Second, gather intelligence by asking long-time employees (not managers) what they think of management. They can provide you with some historical context and notable events that have occurred. Look for a pattern of behavior. You'll probably get all sorts of answers both positive and negative, so try to ask as many employees as you can and then draw your own conclusions. This is akin to measuring the blood pressure or happiness of an organization.
Finally, knowing the state of affairs with your employer, you can make an informed decision whether or not to even bother trying. It might be better to just cut your losses and run. But if you still aspire to a leadership or management position within your organization, here's what you'll need to do to get promoted.
1. Look and dress the part
The less you say at work, the better off you'll be positioned to getting a promotion. Other than benign details, be guarded about sharing too many personal details about yourself with anyone. If you're having personal problems at home, don't bring them to work. Even if you're going through a bitter divorce and custody battle, keep it to yourself. Don’t be rude about it, just be coy about discussing your personal business. Think of professional television and radio personalities, you may think they’re being open about themselves, but in fact, if you listen carefully they’re actually being quite guarded about sharing details about their lives. They say just enough to connect with the audience and no more.
Be very careful if you go out for drinks with coworkers. A little bit of alcohol can lower your inhibitions and you may say something they can use against you later. In fact, it’s probably better just to order a soda. Just tell them you’ve got to drive or you're on medication which doesn't mix well with alcohol.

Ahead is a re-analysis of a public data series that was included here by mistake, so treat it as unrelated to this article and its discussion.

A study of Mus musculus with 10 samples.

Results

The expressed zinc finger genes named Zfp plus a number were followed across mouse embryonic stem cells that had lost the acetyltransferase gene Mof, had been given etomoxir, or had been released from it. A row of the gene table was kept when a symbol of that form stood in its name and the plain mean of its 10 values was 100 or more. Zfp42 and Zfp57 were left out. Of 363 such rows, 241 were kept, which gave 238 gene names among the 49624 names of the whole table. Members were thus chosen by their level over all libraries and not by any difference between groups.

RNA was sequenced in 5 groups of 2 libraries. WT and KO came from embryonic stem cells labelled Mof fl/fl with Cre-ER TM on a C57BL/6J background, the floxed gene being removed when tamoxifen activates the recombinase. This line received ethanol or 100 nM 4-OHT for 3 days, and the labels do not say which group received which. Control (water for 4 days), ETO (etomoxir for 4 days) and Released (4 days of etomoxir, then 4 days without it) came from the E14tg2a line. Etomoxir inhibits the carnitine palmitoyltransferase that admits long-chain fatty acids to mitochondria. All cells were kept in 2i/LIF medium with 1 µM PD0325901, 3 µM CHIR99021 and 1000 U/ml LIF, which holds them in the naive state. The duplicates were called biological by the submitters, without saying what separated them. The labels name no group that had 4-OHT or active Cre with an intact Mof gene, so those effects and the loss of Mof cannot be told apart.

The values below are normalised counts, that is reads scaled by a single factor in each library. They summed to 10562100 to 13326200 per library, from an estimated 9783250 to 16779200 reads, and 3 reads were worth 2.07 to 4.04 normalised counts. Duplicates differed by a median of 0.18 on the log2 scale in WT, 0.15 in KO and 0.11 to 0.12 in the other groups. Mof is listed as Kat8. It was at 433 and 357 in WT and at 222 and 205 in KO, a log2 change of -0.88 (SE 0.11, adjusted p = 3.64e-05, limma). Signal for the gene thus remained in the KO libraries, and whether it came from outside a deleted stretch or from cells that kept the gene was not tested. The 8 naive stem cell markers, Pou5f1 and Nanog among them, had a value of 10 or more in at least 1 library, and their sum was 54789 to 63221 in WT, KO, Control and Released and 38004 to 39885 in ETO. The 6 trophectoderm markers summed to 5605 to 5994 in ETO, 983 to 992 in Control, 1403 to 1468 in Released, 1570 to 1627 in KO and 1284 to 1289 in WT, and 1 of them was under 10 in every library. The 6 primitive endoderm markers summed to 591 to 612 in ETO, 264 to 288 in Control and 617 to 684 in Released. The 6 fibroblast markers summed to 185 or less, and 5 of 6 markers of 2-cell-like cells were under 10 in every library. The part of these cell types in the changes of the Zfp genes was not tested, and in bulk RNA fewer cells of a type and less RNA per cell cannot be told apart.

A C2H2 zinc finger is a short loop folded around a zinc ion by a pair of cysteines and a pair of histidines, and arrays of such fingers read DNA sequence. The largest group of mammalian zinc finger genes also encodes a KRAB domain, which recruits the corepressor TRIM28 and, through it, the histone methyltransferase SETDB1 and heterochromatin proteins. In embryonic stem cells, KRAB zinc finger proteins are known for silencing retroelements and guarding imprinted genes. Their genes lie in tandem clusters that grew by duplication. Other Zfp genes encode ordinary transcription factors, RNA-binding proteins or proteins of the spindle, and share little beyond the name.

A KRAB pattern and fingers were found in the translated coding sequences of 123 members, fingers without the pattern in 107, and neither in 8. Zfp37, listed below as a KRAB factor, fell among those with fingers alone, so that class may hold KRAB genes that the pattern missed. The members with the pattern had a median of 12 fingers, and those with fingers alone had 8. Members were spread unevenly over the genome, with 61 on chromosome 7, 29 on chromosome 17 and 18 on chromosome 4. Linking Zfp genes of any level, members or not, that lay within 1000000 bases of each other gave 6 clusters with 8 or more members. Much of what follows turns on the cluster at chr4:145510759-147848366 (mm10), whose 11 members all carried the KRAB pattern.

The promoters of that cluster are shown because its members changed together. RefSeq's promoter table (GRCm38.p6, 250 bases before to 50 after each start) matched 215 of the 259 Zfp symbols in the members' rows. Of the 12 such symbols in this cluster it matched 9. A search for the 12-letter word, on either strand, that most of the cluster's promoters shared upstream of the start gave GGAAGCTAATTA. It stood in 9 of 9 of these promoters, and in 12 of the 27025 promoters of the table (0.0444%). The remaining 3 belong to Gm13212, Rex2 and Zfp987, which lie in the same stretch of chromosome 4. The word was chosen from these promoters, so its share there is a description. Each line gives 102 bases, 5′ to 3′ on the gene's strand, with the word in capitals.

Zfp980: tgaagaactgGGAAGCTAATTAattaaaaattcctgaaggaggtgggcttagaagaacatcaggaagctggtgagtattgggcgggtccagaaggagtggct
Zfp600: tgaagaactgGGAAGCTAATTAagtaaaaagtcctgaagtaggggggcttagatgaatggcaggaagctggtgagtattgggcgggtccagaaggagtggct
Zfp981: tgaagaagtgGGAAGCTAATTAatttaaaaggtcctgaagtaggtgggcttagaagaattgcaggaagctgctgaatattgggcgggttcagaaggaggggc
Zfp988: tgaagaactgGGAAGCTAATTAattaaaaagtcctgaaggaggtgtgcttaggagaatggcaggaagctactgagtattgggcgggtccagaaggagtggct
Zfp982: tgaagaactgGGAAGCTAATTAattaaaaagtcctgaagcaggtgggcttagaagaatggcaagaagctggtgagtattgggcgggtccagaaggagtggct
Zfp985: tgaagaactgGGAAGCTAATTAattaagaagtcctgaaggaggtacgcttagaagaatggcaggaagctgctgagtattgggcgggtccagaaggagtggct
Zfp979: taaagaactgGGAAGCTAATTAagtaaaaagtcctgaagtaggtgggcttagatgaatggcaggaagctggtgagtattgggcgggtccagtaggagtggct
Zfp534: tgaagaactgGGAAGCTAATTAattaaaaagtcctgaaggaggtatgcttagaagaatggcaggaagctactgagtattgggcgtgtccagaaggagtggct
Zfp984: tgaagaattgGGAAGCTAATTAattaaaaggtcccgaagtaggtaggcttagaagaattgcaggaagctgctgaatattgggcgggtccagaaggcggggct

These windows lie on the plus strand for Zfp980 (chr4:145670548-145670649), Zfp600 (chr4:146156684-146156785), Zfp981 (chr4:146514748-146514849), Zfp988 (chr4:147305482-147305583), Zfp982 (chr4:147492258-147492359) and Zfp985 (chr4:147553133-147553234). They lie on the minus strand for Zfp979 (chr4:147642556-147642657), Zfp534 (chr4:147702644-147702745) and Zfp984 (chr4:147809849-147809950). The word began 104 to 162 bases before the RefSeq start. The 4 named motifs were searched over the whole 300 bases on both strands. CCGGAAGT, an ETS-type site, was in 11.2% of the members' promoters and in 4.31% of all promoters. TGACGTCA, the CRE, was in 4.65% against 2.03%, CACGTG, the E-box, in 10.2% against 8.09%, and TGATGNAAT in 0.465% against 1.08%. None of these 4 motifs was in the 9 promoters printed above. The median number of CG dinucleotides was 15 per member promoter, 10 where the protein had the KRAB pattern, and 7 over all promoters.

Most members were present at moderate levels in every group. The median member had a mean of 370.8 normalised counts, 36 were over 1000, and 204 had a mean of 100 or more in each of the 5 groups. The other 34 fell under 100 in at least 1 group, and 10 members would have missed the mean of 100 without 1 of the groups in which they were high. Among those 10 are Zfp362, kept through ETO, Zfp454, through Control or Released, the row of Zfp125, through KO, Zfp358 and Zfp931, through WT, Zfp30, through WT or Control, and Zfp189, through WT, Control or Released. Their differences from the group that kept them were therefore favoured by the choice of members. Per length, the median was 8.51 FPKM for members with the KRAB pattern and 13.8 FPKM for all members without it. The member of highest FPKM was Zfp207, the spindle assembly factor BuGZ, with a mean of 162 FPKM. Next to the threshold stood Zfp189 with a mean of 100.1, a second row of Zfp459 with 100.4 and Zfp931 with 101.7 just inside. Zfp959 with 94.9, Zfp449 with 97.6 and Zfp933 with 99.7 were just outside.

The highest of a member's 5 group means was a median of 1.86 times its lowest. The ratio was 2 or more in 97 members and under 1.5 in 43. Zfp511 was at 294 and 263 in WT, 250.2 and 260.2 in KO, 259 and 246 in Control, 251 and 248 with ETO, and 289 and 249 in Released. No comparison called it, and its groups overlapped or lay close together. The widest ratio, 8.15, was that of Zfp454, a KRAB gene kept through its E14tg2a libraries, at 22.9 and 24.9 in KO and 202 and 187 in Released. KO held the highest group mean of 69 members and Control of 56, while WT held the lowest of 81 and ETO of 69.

Abraham Lincoln once said, "It's better to remain silent and thought a fool than to speak up and remove all doubt." People will judge you by the words you use.
5. Be well liked and respected throughout the organization
10. Do Not Drink the Kool-Aid
We've both worked for unethical companies like those described above, and the big career limiting choice we each made was to Not Drink the Kool-Aid. Many of our colleagues in those companies chose to Drink The Kool-Aid and were subsequently promoted over us. As far as we know they thrived in their careers whereas we both suffered. But we were more concerned about doing what is right rather than in just doing the right things to get ahead.
We're all complex, multi-dimensional people with many facets of our personalities. You may be an engineer who loves riding motorcycles, a technical writer who loves building sailboats and campers, an accountant who rides mountain bikes, a janitor who's the part-time pastor of a small church, a waitress who writes romance novels, a businessman who likes to volunteer at soup kitchens, a physician who plays guitar in the church band, or a scientist who sings in the community choir. The point is that you may only display a small part of who you are at work and that’s OK. In fact, that’s a big part of the points we’re making here. You aren’t changing who you are when you follow these ideas, you are just selecting which of your existing facets you will show at what time to further your career.
You may read these 10 things and decide that trying to get promoted is really not for you, and that's OK as not everyone is cut out for leadership or management positions. Sadly, the big reason we've seen people aspire to leadership or management positions is simply that they want more power and money. Ideally, it should be because you'd like to make a positive difference in your organization. Nevertheless, if you consistently follow these 10 things we suggest, you'll greatly increase your chances of getting that promotion you've always wanted, and you'll do it in an honest and ethical manner.